The Statue

Maryland sculptor Antonio Tobias Mendez was chosen in 2000 to create the Major Taylor statue at the Worcester Public Library. More than 60 artists from around the world competed for the commission. Mendez's design is a two-sided monument incorporating both sculpture and text, inviting viewers to learn more about the man and his legacy.

For slide shows of the making of the statue in 2007-2008, click on the titles below. Each slide show has 7 to 14 pictures.









Toby Mendez holds a bachelor of fine arts degree from the Art Institute of Chicago. His works created at Toby Mendez Studios in Knoxville, Md., include bronze panels (1992) at the U.S. Navy Memorial in Washington, D.C.; "A Tribute to the Oyster Tonger" at Annmarie Gardens in Calvert County, Md.; the state of Maryland's Thurgood Marshall Memorial (1996) in Annapolis; monuments to Nolan Ryan and Tom Vandergriff (1997) at the Texas Rangers Baseball Club in Arlington, Texas; "The Warwick Quahogger, A Day's Catch" (1998) at the Warwick Public Library in Rhode Island; the C&O Canal Monument (2000) in Cumberland, Md.; the Mohandas K. Gandhi Monument (2007) at the Suffolk County government building in Hauppauge, Long Island, N.Y.; and The Cradle of Invasion Monument, “On Watch” (2007), on Solomons Island, Md., commissioned by the Calvert Marine Museum to honor the World War II soldiers and Marines who trained there.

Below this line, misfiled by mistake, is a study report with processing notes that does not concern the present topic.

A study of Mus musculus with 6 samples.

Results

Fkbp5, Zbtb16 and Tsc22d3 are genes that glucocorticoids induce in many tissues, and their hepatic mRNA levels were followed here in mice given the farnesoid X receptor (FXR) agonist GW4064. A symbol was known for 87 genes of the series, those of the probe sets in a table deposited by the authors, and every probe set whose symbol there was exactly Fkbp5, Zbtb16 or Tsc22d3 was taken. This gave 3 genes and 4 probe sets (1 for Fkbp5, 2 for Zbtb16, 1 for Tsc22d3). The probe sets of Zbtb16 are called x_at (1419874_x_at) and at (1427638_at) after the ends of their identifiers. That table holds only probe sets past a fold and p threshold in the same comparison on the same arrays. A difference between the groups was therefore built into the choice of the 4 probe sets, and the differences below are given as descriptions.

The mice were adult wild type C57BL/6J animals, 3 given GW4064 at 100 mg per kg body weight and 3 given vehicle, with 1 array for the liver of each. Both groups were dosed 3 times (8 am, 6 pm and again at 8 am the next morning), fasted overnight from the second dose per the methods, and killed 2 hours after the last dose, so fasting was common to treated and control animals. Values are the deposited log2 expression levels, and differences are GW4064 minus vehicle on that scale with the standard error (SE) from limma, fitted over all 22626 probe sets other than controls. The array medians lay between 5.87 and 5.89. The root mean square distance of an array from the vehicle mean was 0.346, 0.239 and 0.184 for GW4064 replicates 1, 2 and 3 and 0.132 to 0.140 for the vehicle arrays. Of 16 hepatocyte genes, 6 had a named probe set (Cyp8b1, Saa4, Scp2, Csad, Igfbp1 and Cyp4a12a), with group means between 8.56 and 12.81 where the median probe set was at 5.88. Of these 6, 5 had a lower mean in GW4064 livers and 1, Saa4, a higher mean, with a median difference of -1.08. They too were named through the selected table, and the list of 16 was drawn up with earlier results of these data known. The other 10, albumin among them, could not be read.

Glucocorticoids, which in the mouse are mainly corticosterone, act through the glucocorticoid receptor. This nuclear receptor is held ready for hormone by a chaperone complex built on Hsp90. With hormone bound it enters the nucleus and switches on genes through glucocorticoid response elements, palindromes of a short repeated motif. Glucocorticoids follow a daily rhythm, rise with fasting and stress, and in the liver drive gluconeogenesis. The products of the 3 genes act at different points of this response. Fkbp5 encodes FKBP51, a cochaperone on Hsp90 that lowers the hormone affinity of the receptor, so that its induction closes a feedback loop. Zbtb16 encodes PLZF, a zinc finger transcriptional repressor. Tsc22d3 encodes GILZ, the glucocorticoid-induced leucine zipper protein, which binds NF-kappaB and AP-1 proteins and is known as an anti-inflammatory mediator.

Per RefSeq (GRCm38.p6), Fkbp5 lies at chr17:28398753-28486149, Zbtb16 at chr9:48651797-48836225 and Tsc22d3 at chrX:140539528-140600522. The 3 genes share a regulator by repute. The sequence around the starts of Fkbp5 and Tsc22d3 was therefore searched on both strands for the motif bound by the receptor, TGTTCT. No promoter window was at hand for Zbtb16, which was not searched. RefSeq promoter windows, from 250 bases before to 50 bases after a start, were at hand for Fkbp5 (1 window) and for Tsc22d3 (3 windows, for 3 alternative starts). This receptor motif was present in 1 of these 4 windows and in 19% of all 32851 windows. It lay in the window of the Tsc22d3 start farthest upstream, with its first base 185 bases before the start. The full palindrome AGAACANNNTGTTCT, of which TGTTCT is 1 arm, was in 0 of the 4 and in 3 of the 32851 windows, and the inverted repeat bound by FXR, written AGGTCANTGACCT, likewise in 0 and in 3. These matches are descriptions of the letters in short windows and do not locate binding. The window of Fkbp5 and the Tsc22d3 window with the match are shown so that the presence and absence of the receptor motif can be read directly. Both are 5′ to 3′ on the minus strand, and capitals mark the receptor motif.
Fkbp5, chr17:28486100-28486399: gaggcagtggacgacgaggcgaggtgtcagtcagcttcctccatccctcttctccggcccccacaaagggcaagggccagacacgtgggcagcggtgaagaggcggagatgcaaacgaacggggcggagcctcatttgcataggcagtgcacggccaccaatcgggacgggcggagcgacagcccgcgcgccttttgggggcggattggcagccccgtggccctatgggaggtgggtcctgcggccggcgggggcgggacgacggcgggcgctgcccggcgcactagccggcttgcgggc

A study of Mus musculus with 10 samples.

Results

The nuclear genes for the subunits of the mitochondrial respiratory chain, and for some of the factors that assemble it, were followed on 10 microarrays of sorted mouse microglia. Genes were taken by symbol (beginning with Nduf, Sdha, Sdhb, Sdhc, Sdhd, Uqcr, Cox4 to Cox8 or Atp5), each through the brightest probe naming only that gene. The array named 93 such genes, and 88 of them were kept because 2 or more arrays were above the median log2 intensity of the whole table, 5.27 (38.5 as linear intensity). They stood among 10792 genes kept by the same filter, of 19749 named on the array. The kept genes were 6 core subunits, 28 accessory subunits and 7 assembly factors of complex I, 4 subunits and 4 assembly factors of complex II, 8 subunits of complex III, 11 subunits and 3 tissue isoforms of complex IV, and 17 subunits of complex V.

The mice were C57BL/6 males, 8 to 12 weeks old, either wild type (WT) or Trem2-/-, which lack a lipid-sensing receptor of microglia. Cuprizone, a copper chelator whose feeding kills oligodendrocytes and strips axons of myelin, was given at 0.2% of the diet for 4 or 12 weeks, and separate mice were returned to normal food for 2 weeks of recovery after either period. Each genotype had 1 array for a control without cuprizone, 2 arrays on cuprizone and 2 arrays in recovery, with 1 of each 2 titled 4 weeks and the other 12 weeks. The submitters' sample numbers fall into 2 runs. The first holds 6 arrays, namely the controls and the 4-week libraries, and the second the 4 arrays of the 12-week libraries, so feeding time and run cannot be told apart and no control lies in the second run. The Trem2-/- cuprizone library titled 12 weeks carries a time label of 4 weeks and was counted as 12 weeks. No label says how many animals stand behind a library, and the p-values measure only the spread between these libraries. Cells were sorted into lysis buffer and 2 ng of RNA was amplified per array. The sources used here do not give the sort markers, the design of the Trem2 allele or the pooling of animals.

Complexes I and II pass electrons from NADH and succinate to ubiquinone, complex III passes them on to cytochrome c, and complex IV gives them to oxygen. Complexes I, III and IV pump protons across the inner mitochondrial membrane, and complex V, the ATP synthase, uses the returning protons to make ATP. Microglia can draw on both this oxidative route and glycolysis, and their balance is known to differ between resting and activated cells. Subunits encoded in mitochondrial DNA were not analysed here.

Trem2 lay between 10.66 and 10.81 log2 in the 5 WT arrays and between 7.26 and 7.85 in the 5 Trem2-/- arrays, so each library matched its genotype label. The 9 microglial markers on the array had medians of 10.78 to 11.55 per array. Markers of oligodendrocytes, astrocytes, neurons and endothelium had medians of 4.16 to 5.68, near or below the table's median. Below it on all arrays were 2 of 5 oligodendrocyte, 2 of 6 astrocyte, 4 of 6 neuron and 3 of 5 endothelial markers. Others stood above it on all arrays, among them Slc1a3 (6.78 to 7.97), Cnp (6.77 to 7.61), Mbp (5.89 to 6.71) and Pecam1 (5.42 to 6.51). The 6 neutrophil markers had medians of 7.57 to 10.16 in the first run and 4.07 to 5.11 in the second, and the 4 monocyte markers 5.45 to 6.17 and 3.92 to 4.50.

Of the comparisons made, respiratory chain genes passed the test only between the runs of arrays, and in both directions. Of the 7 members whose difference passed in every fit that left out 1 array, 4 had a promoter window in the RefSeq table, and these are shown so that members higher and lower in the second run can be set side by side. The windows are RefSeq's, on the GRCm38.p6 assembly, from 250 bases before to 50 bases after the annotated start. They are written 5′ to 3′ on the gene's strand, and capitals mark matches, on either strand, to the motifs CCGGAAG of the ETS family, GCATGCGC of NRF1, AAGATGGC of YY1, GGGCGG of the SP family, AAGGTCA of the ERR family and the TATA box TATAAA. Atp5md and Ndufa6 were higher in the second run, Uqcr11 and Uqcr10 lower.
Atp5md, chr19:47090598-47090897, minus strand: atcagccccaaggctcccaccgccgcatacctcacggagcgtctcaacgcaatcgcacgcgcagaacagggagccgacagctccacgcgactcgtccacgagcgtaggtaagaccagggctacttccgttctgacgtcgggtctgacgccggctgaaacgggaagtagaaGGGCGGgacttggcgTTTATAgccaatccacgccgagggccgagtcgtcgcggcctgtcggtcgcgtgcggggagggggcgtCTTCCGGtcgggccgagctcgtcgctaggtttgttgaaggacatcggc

Mendez's monument, titled "A Tribute to Major Taylor," was dedicated May 21, 2008, in Worcester, Mass. It features a two-sided sculpture wall, 10 feet high and 12 feet, 4 inches wide, serving as a wind break for the library entrance and anchoring an outdoor plaza suited for reflection and contemplation. One side of the wall is inscribed with text explaining Major Taylor's life story, under a 4-foot-by-8-foot bronze bas relief sculpture of track bike racers in action. The other side features a larger-than-life, three-dimensional figure of Major Taylor, with his bicycle in high relief, in front of a velodrome portrayed in bas relief. The contrast between the three-dimensional human figure and the relief elements is intended to prompt the viewer "to focus on the athlete as a man," the artist says, as well as to protect the intricate bicycle element from damage. The circle in stone on the ground is paved in a design inspired by a bicycle wheel.